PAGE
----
Yesterday, World Red Cross Day, marked the birthday of Henri Dunant, who founded the Red Cross and Red Crescent Movement in 1863 in Geneva, Switzerland. More than 150 years later, the global movement is well positioned to provide relief to people in distress and desolation because of war, food shortages, epidemic diseases or natural calamities.
For the SA Red Cross Society, the day was an annual reminder to emulate and uphold the fundamental principles of the humanitarian movement - humanity, impartiality, neutrality, independence, voluntary service, universality and unity.
The organisation recently sent teams of disaster relief experts and community volunteers to assess the damage caused by floods in KwaZulu-Natal and the Eastern Cape.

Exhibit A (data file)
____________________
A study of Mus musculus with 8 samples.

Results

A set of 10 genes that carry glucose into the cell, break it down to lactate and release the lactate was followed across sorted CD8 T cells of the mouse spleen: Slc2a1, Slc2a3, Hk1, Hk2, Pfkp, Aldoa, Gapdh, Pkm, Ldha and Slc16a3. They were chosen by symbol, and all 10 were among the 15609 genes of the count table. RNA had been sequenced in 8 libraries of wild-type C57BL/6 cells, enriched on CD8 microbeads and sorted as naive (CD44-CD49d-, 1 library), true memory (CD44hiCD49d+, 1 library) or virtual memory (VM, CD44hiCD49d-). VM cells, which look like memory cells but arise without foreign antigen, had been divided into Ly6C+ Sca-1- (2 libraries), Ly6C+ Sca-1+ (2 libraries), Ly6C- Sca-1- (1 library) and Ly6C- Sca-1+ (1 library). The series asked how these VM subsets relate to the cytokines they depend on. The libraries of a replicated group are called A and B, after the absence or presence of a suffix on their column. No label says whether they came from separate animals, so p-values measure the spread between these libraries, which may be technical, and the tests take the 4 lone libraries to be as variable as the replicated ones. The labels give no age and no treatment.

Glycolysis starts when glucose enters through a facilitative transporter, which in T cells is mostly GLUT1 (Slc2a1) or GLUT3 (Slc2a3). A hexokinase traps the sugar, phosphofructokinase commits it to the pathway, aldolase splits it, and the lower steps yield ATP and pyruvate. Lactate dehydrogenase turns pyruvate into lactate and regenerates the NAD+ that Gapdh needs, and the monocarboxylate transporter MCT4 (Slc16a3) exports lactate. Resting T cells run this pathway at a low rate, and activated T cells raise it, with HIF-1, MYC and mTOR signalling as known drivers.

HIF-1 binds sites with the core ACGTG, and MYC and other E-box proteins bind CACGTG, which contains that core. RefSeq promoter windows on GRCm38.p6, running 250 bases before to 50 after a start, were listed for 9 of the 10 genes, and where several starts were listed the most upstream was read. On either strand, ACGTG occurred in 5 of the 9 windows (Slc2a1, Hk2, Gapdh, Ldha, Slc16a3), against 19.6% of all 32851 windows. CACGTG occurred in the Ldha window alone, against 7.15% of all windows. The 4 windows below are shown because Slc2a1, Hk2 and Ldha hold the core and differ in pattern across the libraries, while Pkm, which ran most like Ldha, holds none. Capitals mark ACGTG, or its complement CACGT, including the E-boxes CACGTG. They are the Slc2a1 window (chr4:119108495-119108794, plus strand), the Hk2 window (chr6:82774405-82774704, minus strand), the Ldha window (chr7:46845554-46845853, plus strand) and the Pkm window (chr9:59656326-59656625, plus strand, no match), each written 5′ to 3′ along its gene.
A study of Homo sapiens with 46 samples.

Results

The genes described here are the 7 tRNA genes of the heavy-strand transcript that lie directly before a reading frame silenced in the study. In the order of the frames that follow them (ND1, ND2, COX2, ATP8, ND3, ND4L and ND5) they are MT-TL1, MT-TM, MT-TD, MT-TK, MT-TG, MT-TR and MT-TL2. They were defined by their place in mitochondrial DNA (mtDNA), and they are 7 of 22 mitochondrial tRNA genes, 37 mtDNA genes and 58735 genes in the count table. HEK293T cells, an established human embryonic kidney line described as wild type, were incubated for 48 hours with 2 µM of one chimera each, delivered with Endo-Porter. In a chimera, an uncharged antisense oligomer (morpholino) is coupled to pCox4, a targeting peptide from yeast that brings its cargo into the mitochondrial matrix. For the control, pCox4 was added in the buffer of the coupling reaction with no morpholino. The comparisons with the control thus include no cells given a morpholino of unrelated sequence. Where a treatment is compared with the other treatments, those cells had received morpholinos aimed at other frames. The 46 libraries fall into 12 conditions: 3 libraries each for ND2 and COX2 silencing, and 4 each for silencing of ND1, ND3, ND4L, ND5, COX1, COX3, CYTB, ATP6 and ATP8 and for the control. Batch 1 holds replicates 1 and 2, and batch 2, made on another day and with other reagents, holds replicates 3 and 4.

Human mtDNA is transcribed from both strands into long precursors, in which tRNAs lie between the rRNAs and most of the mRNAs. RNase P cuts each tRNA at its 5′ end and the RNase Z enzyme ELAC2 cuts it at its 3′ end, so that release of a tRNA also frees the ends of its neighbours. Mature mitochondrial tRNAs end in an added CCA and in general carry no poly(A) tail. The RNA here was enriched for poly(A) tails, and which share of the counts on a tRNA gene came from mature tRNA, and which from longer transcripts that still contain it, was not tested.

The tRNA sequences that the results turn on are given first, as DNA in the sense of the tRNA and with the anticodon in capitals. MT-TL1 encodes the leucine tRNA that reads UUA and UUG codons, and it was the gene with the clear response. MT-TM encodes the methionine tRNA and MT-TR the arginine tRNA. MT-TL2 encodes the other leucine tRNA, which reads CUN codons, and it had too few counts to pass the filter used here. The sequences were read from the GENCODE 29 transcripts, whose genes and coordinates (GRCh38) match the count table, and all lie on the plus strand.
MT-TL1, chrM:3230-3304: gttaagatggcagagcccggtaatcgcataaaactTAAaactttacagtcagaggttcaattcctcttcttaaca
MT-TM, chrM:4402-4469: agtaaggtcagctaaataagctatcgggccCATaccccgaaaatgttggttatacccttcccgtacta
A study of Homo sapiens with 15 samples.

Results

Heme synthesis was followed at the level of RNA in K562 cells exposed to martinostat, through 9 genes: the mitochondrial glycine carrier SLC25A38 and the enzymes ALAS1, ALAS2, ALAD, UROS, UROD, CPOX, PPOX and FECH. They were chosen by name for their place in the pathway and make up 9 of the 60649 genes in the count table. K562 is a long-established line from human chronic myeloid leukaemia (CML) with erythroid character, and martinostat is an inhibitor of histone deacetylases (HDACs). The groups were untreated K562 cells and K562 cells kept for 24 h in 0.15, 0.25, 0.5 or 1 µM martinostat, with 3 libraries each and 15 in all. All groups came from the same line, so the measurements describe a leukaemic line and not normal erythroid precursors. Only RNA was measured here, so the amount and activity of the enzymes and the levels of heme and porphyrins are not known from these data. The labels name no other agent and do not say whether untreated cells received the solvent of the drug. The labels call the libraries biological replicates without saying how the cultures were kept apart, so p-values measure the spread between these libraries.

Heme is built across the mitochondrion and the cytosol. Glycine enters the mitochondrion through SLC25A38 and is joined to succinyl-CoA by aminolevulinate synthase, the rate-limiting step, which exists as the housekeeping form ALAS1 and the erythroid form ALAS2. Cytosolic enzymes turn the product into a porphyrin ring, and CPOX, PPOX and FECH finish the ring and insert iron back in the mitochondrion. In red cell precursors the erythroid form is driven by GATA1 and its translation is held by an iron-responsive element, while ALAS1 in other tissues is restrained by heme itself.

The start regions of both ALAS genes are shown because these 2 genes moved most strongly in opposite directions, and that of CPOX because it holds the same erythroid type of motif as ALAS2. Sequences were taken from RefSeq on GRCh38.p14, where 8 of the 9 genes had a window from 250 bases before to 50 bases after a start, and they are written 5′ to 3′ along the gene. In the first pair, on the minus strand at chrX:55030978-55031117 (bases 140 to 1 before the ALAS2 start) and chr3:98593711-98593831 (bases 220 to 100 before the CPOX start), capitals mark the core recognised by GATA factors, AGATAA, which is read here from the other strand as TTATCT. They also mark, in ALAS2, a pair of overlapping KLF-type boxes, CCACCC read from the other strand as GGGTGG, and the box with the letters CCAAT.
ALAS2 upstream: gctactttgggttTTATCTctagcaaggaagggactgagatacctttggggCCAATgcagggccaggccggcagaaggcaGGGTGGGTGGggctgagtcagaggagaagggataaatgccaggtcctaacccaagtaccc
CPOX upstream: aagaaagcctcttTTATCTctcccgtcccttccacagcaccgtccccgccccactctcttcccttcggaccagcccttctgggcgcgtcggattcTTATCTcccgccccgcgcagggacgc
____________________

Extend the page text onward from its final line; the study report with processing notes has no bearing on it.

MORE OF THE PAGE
“Our core programmes in South Africa are disaster risk reduction and relief, health and care, first aid, peer education, support to orphans and vulnerable children, psycho-social support and care for the elderly,” said the organisation.
“Love and charity are powerful means to help alleviate the worst effects of humanitarian crises, and to supplement public services in health care, education and housing.
“It also promotes the rights of the marginalised and underprivileged and spreads the message of humanity in conflict situations.”
It said disaster response teams from SA Red Cross branches around the country were trained and equipped to assist vulnerable communities with emergency first-aid services at voting stations and transport services for the elderly.
“Red Cross staff and volunteers are also on standby near hot spots where potential election violence may arise,” said the Red Cross.